OLS Field Name OLS Field Data
Main Title Alternative Biological Treatment Processes for Remediation of Creosote-and PCP-Contaminated Materials: Bench-Scale Treatability Studies.
Author Mueller, J. G. ; Lantz, S. E. ; Blattman, B. O. ; Middaugh, D. P. ; Chapman, P. J. ;
CORP Author Southern BioProducts, Inc., Pendleton, SC. ;Technical Resources, Inc., Gulf Breeze, FL.;Environmental Research Lab., Gulf Breeze, FL.
Publisher Mar 91
Year Published 1991
Report Number EPA-68-033479;
Stock Number PB91-179085
Additional Subjects Biological treatment ; Remedial action ; Creosote ; Superfund ; Waste disposal ; Wood preservatives ; Aromatic polycyclic hydrocarbons ; Microorganisms ; Substitutes ; Soil contamination ; Catalysts ; Biodeterioration ; Chlorine organic compounds ; Bench-scale experiments ; Phenol/pentachloro ; Pensacola(Florida)
Holdings
Library Call Number Additional Info Location Last
Modified
NTIS  PB91-179085 Most EPA libraries have a fiche copy filed under the call number shown. Check with individual libraries about paper copy. NTIS 09/04/1991
Collation 97p
Abstract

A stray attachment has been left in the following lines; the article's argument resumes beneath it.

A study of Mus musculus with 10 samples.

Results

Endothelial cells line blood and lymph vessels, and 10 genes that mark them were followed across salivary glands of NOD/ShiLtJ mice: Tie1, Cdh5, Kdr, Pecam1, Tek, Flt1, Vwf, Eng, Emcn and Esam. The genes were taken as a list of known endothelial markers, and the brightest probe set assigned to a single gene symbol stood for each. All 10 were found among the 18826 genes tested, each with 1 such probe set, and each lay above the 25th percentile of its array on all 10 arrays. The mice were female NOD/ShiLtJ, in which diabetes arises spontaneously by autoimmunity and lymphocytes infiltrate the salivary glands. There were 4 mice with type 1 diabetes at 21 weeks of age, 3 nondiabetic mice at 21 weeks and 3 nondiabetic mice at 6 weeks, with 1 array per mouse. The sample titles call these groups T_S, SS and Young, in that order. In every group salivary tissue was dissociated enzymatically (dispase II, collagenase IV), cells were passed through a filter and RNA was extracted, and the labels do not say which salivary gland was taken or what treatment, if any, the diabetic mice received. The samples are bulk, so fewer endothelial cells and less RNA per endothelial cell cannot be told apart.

Bench-scale biotreatability studies were performed to determine the most effective of two bioremediation application strategies to ameliorate creosote- and pentachlorophenol (PCP)-contaminated soils present at the American Creosote Works Superfund site, Pensacola, Florida: solid-phase bioremediation or slurry-phase bioremediation. When indigenous microorganisms were employed as biocatalysts, solid-phase bioremediation was slow and ineffective (8-12 weeks required to biodegrade >50% of resident organics). Biodegradation was limited to lower-molecular-weight constituents rather than the more hazardous, higher-molecular-weight (HMW) compounds; PCP and HMW polycyclic aromatic hydrocarbons (PAHs) containing 4 or more fused rings resisted biological attach. Moreover, supplementation with aqueous solution of inorganic nutrients had little effect on the overall effectiveness of the treatment strategy. Alternatively, slurry-phase bioremediation was much more effective: >50% of targeted organics were biodegraded in 14 days. Again, however, more persistent contaminants, such as PCP and HMW PAHs, were not extensively degraded when subjected to the action of indigenous microorganisms.